Welcome to the end of 2019; we now have a case from “Obama’s era of 2012” that launched Black Lives Matter coming back into the news. Most of us can remember how Zimmerman was acquitted in the 2012 fatal shooting of Trayvon Martin. This case was a “ground-zero” launch into a severe racism divide and divisive media narratives that fueled American politics and media culture for years.
Seven years later, reflecting on the revisiting of this case brings the potential for changed perspectives in today’s post-Jussie-Smollett-Hoax era in 2019. But reviewing the headlines and twitter feeds talking about this story so far, makes it instantly evident that the nation is just as equally divided on this case now, as it was in 2012.
Because this is a developing story it calls for a collection of both sides of the story; I’ve shared here a number of links and observations that highlight just that – both sides.
On Wednesday, George Zimmerman filed a $100 million lawsuit against Trayvon Martin’s family and others. He claims that their witnesses against him during the trial were “imposters and fake.” Zimmerman’s complaint alleges that Brittany Diamond Eugene (Trayvon’s real girlfriend) did not want to bear false witness, so they put her half-sister, Rachel Jeantel onto the witness stand. The lawsuit also claims that Trayvon’s mother, Sybrina Fulton, prosecutors, and the Florida Department of Law Enforcement knew about the “imposter witness,” and it was never questioned. Until now.
George Zimmerman, the man who shot and killed Trayvon Martin, is now suing the slain teen's family for $100 million pic.twitter.com/sUPZ9QTocp
— NowThis (@nowthisnews) December 5, 2019
George Zimmerman has filed a $100 million lawsuit against Trayvon Martin's family, prosecutors and others, alleging he was the victim of a conspiracy and malicious prosecution.
Martin's family calls it an "unfounded and reckless lawsuit."https://t.co/yVy55wMTi3
— NPR (@NPR) December 4, 2019
Wow, this is wild. Indeed.
This is wild. https://t.co/YXTFlCf2kd
— Sean Davis (@seanmdav) December 5, 2019
The Trayvon Martin case was built on a fraud, with a key witness being swapped out with an imposter when the real witness wouldn’t testify, George Zimmerman said in a lawsuit Wednesday.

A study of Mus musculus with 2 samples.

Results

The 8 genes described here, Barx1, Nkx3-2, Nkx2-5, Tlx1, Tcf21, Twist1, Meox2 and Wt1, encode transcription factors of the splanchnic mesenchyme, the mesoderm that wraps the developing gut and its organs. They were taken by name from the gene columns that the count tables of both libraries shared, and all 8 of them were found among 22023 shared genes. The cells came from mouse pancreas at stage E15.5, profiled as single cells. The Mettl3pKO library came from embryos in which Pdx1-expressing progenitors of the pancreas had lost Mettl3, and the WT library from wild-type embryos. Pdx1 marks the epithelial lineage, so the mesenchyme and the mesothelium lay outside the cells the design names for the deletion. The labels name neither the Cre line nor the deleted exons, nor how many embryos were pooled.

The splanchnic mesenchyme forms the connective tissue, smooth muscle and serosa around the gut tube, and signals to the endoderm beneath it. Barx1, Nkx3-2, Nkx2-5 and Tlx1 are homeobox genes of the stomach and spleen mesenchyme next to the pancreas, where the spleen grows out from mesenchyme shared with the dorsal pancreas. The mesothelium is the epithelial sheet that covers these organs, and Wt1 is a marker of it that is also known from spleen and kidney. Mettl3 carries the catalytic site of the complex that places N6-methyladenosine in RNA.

The lawsuit says Martin was on the phone with his girlfriend, a vivacious 16-year-old named Brittany Diamond Eugene, when Zimmerman killed him on Feb. 26, 2012. At trial, prosecutors produced the plump, slow-spoken 18-year-old Rachel Jeantel as the girl who had crucial insight into his final moments by being on the phone with him.
The lawsuit says Eugene refused to provide the version of events used to build a narrative of racism at trial, so Jeantel, who reads at a fourth-grade level, was pressured into pretending to be “Diamond.”
The lawsuit seeks $100 million and names both young women as defendants, plus Martin’s parents, who it says were well aware of the swap.
Zimmerman’s lawyer filed the lawsuit in state court in Florida and it also targets the state of Florida and its prosecutors, who allegedly initially falsely told the defense that Martin’s cellphone was too damaged to extract its data, when it actually contained evidence damaging to their case. That includes not only evidence of the witness swap, but also texts showing Martin previously discussing gun sales and bragging of beating up a “snitch” and saying, “He aint bleed nuff 4 me, only his nosez.” Prosecutors also ran out the clock by repeatedly ignoring the defense’s entitlement to exculpatory evidence, the suit says.
It additionally names Benjamin Crump, the civil attorney for Martin’s parents, who rode the case to fame and wrote a book about “genocide” of “colored people” despite allegedly playing a key role in a hoax.
The suit says:
“Each and every one of them … instituted, ordered, commanded, conspired, and covered up the illegal substitution of Defendant Eugene, a legitimate phone witness to the days, hours and minutes before the death of Trayvon Martin with Defendant Jeantel, an imposter and fake witness, who told a made to order false storyline to prosecutors in order to cause Zimmerman to be arrested, tried, and convicted for second degree murder and sentenced to life in prison in a case that had already been investigated and closed by the Sanford, Florida police department, and after they had already exonerated Zimmerman, having concluded Zimmerman had acted in self-defense with no probable cause for arrest based on eye-witness testimony, physical evidence, and 911 audio recordings.”
The Orlando Weekly provides an in-depth local news perspective on the case that presents both the 2012 perspective, as well as some new information being used in Zimmerman’s case, now in 2019.
So why now? Only in recent months did Zimmerman learn about this through the publication of Joel Gilbert’s book and film both entitled The Trayvon Hoax: Unmasking the Witness Fraud that Divided America. Here’s the book’s prologue and a trailer of the documentary film:
"I am the last person who ever expected to be accused of being a bigot," Zimmerman said. "I am Hispanic. My mother is from Peru. I speak fluent Spanish. I was an Obama supporter and a social activist.https://t.co/rSLnEmL4mH
— Washington Examiner (@dcexaminer) December 5, 2019
Regardless of where we all stand on this issue, it will be interesting to watch this case play out. I’m not sure what to expect, but I do trust that the facts and truth will come out. Truth has a way of doing that.
There will be much more to come surrounding this case. Stay tuned for more.